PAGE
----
THE OASIS OF MARA
The earliest settlers of Twentynine Palms were Native Americans who lived around the Oasis of Mara. By the 1870’s, early American miners inspired by the Gold Rush traveled to California and settled around the Oasis, followed by cattlemen in the 1880’s who were drawn to the grasslands in the area. The Oasis provided refuge from the harsh surrounding desert environment and continued to attract settlers throughout the 1900’s.
RESPONDING TO A GROWING NEED
To meet growing demand, private developers created and maintained small water distribution companies, and in 1938 the first public water system was created. More public water agencies formed over the years, and finally in 1954, Twentynine Palms residents voted to combine the existing public utility agencies to form the Twentynine Palms County Water District (Charter). Members of the Chamber of Commerce known as the “water committee” spearheaded this community effort, electing the district’s first governing Board of Directors: John Wuerth, John Bagley, William Hatch Jr., John Lyon and Joseph Wasserburger.
In 1955, the District adopted 3 more private water companies, acquiring over 200,000 gallons of water. Prior to this, the community had virtually no storage system, putting the water supply at the risk in the case of emergencies. From 1957 to 1969, the District focused its attention on water storage reservoirs.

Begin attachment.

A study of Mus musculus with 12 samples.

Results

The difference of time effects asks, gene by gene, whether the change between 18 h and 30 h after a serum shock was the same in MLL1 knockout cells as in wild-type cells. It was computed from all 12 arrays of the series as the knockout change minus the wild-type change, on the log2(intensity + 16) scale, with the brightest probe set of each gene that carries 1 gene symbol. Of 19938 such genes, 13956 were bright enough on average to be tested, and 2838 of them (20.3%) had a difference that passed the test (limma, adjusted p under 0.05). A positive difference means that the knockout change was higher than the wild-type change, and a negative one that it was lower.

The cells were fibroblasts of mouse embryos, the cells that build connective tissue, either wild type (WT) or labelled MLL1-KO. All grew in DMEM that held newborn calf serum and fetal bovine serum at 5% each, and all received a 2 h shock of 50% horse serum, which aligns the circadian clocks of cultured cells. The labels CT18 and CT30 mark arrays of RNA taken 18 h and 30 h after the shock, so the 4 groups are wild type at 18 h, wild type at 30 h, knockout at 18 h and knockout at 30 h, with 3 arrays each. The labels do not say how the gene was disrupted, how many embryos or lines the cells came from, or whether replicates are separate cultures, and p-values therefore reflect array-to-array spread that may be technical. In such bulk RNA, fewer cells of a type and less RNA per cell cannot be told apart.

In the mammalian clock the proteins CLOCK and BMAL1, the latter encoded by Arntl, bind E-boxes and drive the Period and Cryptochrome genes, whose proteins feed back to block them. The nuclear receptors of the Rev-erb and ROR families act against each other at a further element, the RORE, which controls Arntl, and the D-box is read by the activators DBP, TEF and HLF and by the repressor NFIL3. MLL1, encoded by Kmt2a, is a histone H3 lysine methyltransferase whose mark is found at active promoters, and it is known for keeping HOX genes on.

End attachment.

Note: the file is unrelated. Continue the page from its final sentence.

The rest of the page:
MAINTAINING A SAFE WATER SUPPLY
A ground water study conducted by the Department of Water Resources in 1983 yielded harrowing results, resulting in the development of the District Master Plan, which addressed key issues and highlighted the need for major infrastructure improvements. The District was facing major problems: a badly deteriorating water pipeline system and unacceptably high fluoride levels. By 1984, The California State Health Department demanded the District submit a timeline for implementations of the improvements listed in the master plan.
With the implementation timeline submitted, funding from the Department of Water Resources and the Environmental Protection Agency allowed the District to make major infrastructure improvements. Over the next 20 years, more than 100,000 feet of pipe-line were replaced, multiple storage reservoirs were constructed, and a $1.7 million fluoride water treatment plant was built. These upgrades brought security and reliability to the Twentynine Palms water supply.
In 2005, the District earned another EPA grant to assist in the construction of two more 1,000,000-gallon storage reservoirs and 43,000 more feet of pipeline, providing new water storage and enhancing water reliability throughout the District. The combination of these improvements gave the District the ability to accept and deliver water from the fluoride removal plant to the entire area, ensuring adequate water supplies far into the future.